What do you think of when you hear “Brazil Carnaval”?

I bet it’s the Rio de Janeiro Carnaval with the sambadrome, women in high heels, and feathery costumes. That is definitely a once-in-a-lifetime spectacular. And pretty much the complete opposite of what you’ll find at Salvador’s millions-strong 6-day street party/city takeover.

When is Salvador’s Carnaval in 2020?

The 2020 Salvador Carnaval officially runs from Thursday, February 19, 2020, until Tuesday, February 25, 2020.

But, the city that loves to party can’t limit Carnaval to just those six days.

So, the weekend before are two day-long festivals known as Fuzuê and Furdunço. Those two festivals happen in the Barra and Ondina neighborhoods starting in the afternoon and going on into the evening.

And, because apparently after Carnaval people still aren’t done partying, the days immediately following Carnaval are unofficially officially known the Ressaca de Carnaval (Carnaval hangover). You’ll continue to find more shows throughout the city — before we all go sleep for a month.

What you need to know about Carnaval in Salvador

Carnaval in Salvador has a rhythm and vocabulary all its own. But, I’m here to break it ALL down for you.

Before you plan your trip, be sure to check out my A-Z guide of Carnaval terms. As I learned the hard way my first Carnaval, Google Translate does NOT give you the context you need for Carnaval success.

Once you feel good about the terminology, it’s time to choose the experience that matches your budget and energy levels. From sipping craft cocktails in a high-end lounge to walking with a band to mixing it up with the locals, Salvador Carnaval has an experience for you. My recommendation is create a week that lets you do a little bit of it all!

Once you decide on the type of experience you want to have (camarote, pipoca, or bloco), it’s time to figure out which circuit is the right one for you. There are three primary circuits — with dozens more secondary circuits throughout the city — and each has a vibe of its own.

Hopefully part of your experience will be seeing the afro blocos that, in my opinion, help make Salvador Carnaval the multi-cultural, super-special event that it is. Pro tip: Most of these blocos don’t have their abadá available for sale on the main ticketing sites. If you want to walk with one of these groups, let me know and we can help.

Finally, I have collected all of my best tips and tricks — 18 in total — for surviving the epic event that is Carnaval in Salvador. Don’t get on the plane until you’ve read these.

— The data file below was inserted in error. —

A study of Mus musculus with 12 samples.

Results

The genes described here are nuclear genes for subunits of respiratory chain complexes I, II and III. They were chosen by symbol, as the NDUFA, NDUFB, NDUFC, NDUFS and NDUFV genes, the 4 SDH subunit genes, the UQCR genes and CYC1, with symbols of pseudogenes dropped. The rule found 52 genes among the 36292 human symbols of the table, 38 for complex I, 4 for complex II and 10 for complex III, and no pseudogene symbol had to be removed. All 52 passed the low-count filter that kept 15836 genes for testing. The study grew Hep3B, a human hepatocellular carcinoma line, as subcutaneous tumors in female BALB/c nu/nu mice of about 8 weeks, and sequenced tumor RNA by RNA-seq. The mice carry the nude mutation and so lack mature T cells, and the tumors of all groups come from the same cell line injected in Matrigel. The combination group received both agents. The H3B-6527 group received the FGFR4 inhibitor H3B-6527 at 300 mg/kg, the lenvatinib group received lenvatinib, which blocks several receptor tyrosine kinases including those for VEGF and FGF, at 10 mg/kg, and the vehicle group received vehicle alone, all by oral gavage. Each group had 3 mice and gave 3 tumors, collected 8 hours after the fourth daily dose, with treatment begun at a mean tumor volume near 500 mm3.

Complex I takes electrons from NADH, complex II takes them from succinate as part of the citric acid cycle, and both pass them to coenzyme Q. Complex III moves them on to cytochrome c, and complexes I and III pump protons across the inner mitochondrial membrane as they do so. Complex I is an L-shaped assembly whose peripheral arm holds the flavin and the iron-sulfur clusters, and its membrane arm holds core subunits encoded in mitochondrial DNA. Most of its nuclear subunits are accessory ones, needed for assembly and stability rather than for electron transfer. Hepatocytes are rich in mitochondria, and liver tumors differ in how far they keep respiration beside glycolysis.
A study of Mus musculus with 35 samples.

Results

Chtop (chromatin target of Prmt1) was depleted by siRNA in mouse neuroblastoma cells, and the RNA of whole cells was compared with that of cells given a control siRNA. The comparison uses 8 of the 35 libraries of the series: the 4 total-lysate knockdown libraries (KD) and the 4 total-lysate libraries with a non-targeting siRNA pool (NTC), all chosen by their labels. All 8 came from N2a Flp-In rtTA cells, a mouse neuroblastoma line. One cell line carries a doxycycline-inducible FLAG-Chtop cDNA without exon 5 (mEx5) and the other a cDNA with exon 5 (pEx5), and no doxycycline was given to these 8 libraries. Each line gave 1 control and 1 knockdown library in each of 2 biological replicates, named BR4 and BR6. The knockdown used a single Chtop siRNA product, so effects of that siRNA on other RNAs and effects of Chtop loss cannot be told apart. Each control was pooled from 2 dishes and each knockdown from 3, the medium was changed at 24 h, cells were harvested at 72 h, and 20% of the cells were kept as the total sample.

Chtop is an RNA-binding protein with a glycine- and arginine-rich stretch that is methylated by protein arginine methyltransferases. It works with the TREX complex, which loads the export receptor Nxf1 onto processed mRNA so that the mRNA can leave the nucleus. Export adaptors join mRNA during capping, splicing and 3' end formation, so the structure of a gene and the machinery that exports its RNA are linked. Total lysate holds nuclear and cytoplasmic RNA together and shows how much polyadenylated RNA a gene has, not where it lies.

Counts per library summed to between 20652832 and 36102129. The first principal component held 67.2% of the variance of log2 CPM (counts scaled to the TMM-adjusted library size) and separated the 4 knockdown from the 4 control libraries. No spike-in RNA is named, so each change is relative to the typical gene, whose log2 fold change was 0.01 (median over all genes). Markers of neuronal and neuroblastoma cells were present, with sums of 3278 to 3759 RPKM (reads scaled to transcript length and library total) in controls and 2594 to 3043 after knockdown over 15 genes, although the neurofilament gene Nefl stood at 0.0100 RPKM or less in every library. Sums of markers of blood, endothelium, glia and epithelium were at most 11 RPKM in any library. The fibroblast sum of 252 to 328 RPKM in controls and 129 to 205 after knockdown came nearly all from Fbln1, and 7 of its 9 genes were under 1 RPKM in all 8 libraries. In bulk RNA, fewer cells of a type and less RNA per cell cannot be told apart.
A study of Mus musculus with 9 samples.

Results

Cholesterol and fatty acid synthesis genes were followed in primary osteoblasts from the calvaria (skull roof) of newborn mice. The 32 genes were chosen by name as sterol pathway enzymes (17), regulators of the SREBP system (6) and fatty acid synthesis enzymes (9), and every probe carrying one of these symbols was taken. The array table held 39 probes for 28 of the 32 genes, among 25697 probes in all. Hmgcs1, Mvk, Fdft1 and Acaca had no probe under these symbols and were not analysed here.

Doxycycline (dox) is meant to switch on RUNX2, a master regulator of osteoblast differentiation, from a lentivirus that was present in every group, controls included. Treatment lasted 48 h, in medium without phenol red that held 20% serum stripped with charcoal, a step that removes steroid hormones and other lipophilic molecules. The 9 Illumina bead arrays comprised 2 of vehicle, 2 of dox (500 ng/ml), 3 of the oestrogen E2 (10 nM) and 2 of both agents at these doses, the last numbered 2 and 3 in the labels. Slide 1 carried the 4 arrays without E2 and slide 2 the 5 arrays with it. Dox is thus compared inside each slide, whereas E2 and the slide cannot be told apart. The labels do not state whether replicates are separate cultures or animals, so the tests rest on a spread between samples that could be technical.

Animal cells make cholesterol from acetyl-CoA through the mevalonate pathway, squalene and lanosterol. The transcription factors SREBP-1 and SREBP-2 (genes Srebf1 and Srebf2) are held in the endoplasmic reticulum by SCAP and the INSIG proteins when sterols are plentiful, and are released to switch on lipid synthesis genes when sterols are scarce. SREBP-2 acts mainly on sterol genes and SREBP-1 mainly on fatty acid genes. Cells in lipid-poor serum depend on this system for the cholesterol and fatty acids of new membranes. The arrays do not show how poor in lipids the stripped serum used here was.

Salvador Carnaval Planning Do’s and Don’ts

  • Do… find a place to stay early. By September apartments are renting for Carnaval, and prices are starting to go up. Salvador receives 750,000 visitors for the week of Carnaval, so housing is at a premium.
  • Do… think about transportation. Bus routes are either canceled or significantly re-routed, and taxis and Ubers are expensive and can be hard to come by. Make sure you think about transportation as you evaluate housing options. Pro tip: Some hotels offer shuttles to and from the Carnaval circuits as a part of their Carnaval packages. 
  • Don’t… wait to buy plane tickets. Prices are only going to continue to go up and up and mileage tickets are practically impossible to use — even outside of Carnaval.
  • Don’t… plan to stay for only part of the time. I say this, but I also know plenty of people who come for just a few days. However, the majority of housing options only book packages for the entire week. If you plan to come for just a few days, plan to spend a lot more per night and have fewer housing choices. There is also nothing saying you have to actually partake in Carnaval the entire time! 
  • Don’t… stay right on a Carnaval circuit. You can get a great view and watch the world go by in your pajamas, but it comes with some very clear drawbacks. Other than the premium price you’ll pay, getting in and out will be extremely difficult. I have one client from last year who did just that, and told me afterwards that had he known he never would have done it. He had to have a police escort to get through the crowds, and this world traveler said it was one of the scariest things he’s ever done.

Let us help you plan your Carnaval

We live and and love this city (and Carnaval). My husband has been a regular performer on the Carnaval circuit for decades. From the craft cocktail VIP experience to walking with a band to enjoying the family-friendly atmosphere of the open stages in the Pelourinho, we’re here to guide you and make your trip planning experience.